This is a technical post for those folks who are making videos.  So if that's not you, come back next week for some less technical info.  With that said... The Sony FS5 is the best camera for the money right now.

The Competitors

Whenever you talk about the best in a category you have to look at the competition.  The Sony FS5 has been out for a while so there's a lot to compare it to.  The closest comparison is the Sony FS7.  It's a GREAT camera, we used one for a long time.  But it's very big, it's more expensive and adding RAW costs a ton.  What you get with that is a better codec but you can match it with the RAW > ProRes upgrade on the FS5 (more on that below).  The Canon C200 is another option.  But the non RAW codec for that is not usable for professional applications (in our opinion), plus it shoots CFast and those are expensive.  Blackmagic makes some great cameras if you only need RAW but it doesn't have the flexibility.

So then you're looking at stills cameras that double as video (GH5, Sony A series, Canon 5d Mark IV, etc).  When we first started we went that route.  You can get some great results, but in my professional opinion a hybrid isn't a great option as your A camera.  There are too many variables with audio connections, etc etc that can go wrong on set.  And they don't save you that much over the FS5.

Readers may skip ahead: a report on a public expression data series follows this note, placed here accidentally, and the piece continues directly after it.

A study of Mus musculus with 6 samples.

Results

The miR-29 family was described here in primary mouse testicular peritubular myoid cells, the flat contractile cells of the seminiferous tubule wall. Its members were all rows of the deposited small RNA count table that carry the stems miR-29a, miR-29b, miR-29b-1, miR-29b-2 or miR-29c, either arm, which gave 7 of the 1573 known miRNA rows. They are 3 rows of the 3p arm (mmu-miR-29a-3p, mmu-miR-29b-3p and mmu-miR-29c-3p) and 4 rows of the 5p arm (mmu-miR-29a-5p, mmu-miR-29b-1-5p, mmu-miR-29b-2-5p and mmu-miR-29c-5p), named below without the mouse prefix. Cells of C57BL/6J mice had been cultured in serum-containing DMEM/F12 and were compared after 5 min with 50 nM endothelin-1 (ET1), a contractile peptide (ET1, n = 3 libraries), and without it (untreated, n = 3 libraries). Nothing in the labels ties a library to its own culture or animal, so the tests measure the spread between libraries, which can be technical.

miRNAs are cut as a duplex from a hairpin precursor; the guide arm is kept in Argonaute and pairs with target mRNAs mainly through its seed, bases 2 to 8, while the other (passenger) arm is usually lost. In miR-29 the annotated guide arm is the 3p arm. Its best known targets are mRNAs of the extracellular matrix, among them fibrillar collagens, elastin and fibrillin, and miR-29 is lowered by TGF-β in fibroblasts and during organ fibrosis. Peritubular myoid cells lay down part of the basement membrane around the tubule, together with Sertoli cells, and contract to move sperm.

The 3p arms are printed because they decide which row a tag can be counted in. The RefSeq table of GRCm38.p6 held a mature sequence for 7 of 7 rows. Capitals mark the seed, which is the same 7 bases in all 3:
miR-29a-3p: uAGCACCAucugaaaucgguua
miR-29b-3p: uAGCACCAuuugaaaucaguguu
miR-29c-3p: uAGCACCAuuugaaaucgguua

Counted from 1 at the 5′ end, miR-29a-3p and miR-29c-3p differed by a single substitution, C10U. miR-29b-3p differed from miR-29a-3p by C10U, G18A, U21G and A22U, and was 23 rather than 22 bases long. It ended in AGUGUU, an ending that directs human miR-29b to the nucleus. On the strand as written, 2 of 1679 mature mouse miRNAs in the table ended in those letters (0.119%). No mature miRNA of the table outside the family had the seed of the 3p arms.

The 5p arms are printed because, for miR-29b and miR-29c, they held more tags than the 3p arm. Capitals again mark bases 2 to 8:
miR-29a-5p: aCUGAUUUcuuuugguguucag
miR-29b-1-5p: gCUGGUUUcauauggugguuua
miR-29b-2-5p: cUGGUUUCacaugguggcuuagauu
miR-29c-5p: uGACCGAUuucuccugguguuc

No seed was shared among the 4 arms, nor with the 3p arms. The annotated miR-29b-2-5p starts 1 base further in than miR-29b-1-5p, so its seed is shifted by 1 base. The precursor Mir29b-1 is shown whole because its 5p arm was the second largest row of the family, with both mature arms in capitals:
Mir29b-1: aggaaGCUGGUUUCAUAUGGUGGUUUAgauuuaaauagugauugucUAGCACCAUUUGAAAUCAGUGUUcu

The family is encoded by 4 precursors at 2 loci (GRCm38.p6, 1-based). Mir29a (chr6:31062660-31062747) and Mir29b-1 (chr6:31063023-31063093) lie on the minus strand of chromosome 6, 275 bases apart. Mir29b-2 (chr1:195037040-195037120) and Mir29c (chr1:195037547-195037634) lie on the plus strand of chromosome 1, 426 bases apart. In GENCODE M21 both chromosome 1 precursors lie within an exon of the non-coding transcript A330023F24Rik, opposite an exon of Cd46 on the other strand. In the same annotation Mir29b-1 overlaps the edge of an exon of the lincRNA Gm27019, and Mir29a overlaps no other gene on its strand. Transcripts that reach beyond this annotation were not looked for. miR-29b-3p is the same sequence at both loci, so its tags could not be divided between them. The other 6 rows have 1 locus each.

Why It's Great

So then why is the FS5 so great.  Well, in my opinion it's the flexibility.  There are tons of sub $4,000 used FS5 on the market.  So already you're in about $3,000 less than the FS7.  Throw a $500 RAW upgrade on it, add in a recorder (like $1200 new) and you've got all your bases covered.  For events, quick turnarounds, small file storage, you've got the internal codec recording to cheap SD cards.  For something where you need broadcast quality 10bit 4:2:2, you send the RAW out to a recorder and go to ProRes.  For spots and high end work where you need RAW, you record that same RAW output as Cinema DNG and you're covered there.  You have flexibility and that's the key.  Throw a lens converter on it and you can use Canon, Nikon, or Sony lenses.  You can scale as the project needs it.

If you're looking for a video camera right now you'll be able to cover any project needs, save some cash, and have a camera body you can sell off and keep the peripherals when you want to upgrade.  To us, it's a no brainer.